Michael Sharpe, MD, ACLP Interview

SATURDAY: Michael Sharpe, MD, FACLP Interview   | Plenary 3 |  Gallery

Incoming President Sets Out His Initiatives Blueprint

‘My overall aim is to build on our proud heritage’

 

Michael Sharpe
Michael Sharpe, MD, FACLP

“I am deeply honored to be incoming president of our Academy and also to be both following in the footsteps of Rebecca Weintraub Brendel, JD, MD, FACLP, and working with Maria Tiamson-Kassab, MD, FACLP, as president-elect.

“To introduce myself, I am a psychiatrist working at Oxford University in the UK and I lead the C-L Psychiatry service at Oxford University Hospitals. I have been privileged to have been a member of our Academy for more than 20 years.

“As incoming ACLP president, my main overall aim is, building on our proud heritage, to support our members in providing the best care for the patients who need them.

“How will we do this? I shall be working with our terrific Board, our committees and our SIGs to deliver a number of initiatives:

First, is education. This is paramount. We will continue to help our members to develop their practices and services by further improving the education we provide. We aim both to enhance the educational quality of our meeting and to expand what we offer between meetings by developing more webinars and other technology-enhanced ways of learning.

Second is profile. We will continue to advocate for a higher profile for our work and greater recognition of the value C-L Psychiatry adds to medical care. We will do this in every forum we can. This will include developing our relations with the APA and AMA.

Third, is research and innovation. We will continue to support the research that underpins our practice and the researchers who do it. As a clinical researcher, and former chair of our research committee, I am strongly committed to making sure our specialty continues to innovate. Innovation is our future.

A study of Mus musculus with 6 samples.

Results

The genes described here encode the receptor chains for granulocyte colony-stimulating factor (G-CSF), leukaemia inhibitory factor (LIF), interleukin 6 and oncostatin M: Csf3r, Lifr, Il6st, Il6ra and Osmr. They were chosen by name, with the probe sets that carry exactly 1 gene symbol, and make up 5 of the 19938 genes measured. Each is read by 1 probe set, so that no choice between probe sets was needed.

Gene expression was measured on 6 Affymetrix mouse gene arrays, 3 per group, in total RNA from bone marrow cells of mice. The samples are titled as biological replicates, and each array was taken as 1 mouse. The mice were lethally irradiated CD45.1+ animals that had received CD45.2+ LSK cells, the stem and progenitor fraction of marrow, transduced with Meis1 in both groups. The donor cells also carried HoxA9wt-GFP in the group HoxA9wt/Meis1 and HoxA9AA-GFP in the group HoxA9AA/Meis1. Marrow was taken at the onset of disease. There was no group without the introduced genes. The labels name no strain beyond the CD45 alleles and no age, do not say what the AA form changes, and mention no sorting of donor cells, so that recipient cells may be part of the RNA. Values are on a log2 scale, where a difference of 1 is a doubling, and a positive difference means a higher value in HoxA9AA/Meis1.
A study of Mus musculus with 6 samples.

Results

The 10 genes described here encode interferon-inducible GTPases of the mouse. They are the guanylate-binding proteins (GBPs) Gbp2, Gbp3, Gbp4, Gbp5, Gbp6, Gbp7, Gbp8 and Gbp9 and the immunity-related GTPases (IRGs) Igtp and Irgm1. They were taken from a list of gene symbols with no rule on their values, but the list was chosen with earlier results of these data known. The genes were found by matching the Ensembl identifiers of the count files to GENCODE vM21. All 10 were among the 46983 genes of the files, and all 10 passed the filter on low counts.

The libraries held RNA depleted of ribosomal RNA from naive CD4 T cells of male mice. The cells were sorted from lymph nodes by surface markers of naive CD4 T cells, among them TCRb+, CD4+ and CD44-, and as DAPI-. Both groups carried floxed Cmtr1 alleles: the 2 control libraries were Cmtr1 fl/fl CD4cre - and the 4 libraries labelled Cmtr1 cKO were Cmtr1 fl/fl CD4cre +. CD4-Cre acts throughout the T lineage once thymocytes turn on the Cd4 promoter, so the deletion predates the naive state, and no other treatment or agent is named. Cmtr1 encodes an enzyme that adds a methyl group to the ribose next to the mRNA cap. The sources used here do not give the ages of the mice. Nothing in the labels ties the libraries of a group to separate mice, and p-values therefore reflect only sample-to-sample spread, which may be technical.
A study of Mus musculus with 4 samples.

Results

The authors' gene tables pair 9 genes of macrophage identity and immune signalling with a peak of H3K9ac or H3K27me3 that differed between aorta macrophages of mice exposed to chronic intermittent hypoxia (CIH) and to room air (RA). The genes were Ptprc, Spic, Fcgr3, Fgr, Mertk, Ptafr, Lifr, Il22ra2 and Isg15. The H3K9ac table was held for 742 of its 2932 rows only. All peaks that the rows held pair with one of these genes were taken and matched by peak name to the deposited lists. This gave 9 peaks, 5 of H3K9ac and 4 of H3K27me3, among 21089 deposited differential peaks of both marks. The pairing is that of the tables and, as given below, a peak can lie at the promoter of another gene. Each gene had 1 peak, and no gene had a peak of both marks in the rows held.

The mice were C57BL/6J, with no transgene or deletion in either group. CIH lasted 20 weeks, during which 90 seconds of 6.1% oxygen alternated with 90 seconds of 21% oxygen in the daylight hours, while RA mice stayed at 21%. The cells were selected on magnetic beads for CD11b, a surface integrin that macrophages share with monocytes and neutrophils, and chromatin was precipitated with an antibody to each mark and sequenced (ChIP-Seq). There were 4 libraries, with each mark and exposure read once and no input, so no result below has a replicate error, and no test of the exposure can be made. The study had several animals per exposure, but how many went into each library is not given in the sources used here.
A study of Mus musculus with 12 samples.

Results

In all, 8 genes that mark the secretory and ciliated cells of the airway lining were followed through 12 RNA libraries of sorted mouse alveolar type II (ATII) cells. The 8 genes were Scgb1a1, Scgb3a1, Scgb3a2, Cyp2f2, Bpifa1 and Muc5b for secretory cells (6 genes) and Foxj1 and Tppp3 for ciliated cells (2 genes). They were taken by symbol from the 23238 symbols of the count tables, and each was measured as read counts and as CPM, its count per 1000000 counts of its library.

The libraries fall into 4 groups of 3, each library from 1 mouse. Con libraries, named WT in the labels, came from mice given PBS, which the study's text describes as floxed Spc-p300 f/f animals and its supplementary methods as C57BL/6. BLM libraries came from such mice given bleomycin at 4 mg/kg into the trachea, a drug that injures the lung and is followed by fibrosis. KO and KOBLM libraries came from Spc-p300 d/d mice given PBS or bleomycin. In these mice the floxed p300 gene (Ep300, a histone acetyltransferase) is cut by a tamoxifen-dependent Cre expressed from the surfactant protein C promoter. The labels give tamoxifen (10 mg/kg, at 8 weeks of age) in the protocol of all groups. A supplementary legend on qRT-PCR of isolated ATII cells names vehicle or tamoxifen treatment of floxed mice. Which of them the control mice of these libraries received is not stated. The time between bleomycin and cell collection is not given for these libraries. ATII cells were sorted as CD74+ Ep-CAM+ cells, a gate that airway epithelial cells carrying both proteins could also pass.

“I am currently conducting a 3,000-patient randomised trial of proactive C-L Psychiatry for older medical inpatients. So I know just how hard it is to deliver the large studies that we need to inform our practice. We can support the researchers doing this work for our field by making our organisation as welcoming a home for researchers as it is for clinicians. The ACLP Foundation is already helping us to do this. Since 2016, it has generously funded the Research Professor Programme, which brings a leading researcher to our meeting each year and links them with mentorship of ACLP early-career researchers.

Fourth, we are an international organization. Our vision extends beyond the US. We must work to deepen our strategic partnership with organisations such as the European Association of Psychosomatic Medicine (EAPM). As a member of the EAPM Board, I am well placed to make that relationship work. More than 50 ACLP members attended last year’s EAPM meeting in Rotterdam and we hope even more will attend the exciting looking 2020 meeting in Vienna.

Finally, and perhaps most importantly, our annual meeting. We have a great meeting. It is the main thing we do. So we will focus on its development to make it even bigger and even better, whilst also taking care to keep the warm community feeling that makes it special. And, for your calendar, the 2020 Academy meeting will be in Phoenix, Arizona, with a theme of The Science of the Art of Medicine. That is what you do every day. It will be easy to get to, wonderfully warm and, as always, a great meeting. So do come.

“So overall, our Academy is moving rapidly from being a small club to being a major professional organization with almost 2,000 members and a developing profile in health care. The Academy has much to do, as it gets bigger and more professional. We now have a Board with a more transparent process for applications to it and we are clarifying our committee structure. We have energetic SIGS. We need to continue to make our Board and committees and SIGS as efficient and effective as possible to deliver the maximum benefit for our members, whilst remembering and valuing the time of those who serve on these without payment.

“Going forward, ACLP has some important decisions to make: What is the future of our journal Psychosomatics as we say goodbye to its long-serving editor Ted Stern, MD, FACLP? How, and in what way, do we engage with our partner disciplines in delivering patient care; internal medicine, nursing, psychology and others? And importantly, which are the best ways to ensure future recruitment into our specialty and organization?

“There is a lot to do. It is going to be another great year.”